Author: Ramona Engler
Year: 2019
Resource type: Report

Background: Malnutrition in infants <6 months is a complex issue and influenced by a multitude of underlying factors. Evidence on best practice of treatment is still limited. Skilled staff is essential to provide successful support. Trainings and tools to facilitate health workers with specific skills to support mothers and infants are important. As guidelines for management and implementation are not standardised, organisations develop their own training material. A variety of different trainings and patient management tools are available. To scale up programmes and their uptake into national guidelines, unanimous messaging is essential. This study aims to improve the management of at-risk mothers and infants <6 months, by summarising and providing improved understanding of currently available trainings and patient management tools.

Methods: Methods are divided in a focused literature review, identifying different trainings available and qualitative research, based on semi-structured interviews with staff (n=9) working at different organisations and have experience with at mothers and at-risk infants <6 months. Interviews were held to provide an insight about perception and use of training tools currently available. Data was analysed using a phenomenological approach.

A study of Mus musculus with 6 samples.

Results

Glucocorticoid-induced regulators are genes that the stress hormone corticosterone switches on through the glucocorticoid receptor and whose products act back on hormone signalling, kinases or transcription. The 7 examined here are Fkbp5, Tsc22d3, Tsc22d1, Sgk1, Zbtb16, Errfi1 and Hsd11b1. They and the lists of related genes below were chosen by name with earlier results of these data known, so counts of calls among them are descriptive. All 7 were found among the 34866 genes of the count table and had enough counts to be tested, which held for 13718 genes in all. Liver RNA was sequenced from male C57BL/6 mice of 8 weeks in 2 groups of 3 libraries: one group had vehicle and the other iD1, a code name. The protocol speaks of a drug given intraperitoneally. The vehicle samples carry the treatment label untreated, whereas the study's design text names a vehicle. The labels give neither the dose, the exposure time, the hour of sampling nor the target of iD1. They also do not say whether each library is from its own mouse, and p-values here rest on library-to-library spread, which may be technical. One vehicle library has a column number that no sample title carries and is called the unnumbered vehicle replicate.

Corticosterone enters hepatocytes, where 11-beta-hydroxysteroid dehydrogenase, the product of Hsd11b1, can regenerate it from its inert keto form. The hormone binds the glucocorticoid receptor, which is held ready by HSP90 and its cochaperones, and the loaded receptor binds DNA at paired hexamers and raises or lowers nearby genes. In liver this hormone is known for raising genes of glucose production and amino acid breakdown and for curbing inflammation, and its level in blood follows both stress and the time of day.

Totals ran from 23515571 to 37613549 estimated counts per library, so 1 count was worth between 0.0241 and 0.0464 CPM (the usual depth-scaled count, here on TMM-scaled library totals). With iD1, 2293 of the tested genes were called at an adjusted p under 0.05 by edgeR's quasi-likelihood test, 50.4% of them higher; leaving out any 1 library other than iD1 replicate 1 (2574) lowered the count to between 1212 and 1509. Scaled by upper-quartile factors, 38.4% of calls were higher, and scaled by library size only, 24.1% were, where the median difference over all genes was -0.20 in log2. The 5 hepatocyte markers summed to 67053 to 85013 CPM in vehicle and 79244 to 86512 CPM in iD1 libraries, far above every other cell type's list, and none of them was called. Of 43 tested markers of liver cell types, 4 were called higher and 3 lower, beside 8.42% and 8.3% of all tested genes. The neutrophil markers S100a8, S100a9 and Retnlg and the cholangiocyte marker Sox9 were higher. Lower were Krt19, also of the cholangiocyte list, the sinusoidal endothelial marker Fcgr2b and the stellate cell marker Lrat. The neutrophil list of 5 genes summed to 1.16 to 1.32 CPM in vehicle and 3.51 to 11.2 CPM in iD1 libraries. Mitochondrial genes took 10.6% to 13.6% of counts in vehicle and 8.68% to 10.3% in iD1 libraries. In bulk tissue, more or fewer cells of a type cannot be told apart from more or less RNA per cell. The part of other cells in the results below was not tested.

Results: 15 different trainings were identified. Trainings were delivered in different settings including inpatient, outpatient and emergencies. Differences in curricula were found regarding breastfeeding assessment and assessment of the mother, including mental health and nutritional status. Participants reported gaps regarding counselling skills, time for practice and how to effectively provide mental health counselling.

Conclusion: The delivery of trainings is highly dependent on the resources available and the setting they are delivered in. To ensure optimal patient management trainings should consider the specific needs and limitation of each setting. Emphasis needs to be given on breastfeeding and mental health support as well as counselling. Practical time and refresher trainings as well as monitoring should be standardised to ensure quality of services.

This research was carried out as a final project for the MSc Nutrition for Global Health at the London School of Hygiene and Tropical Medicine.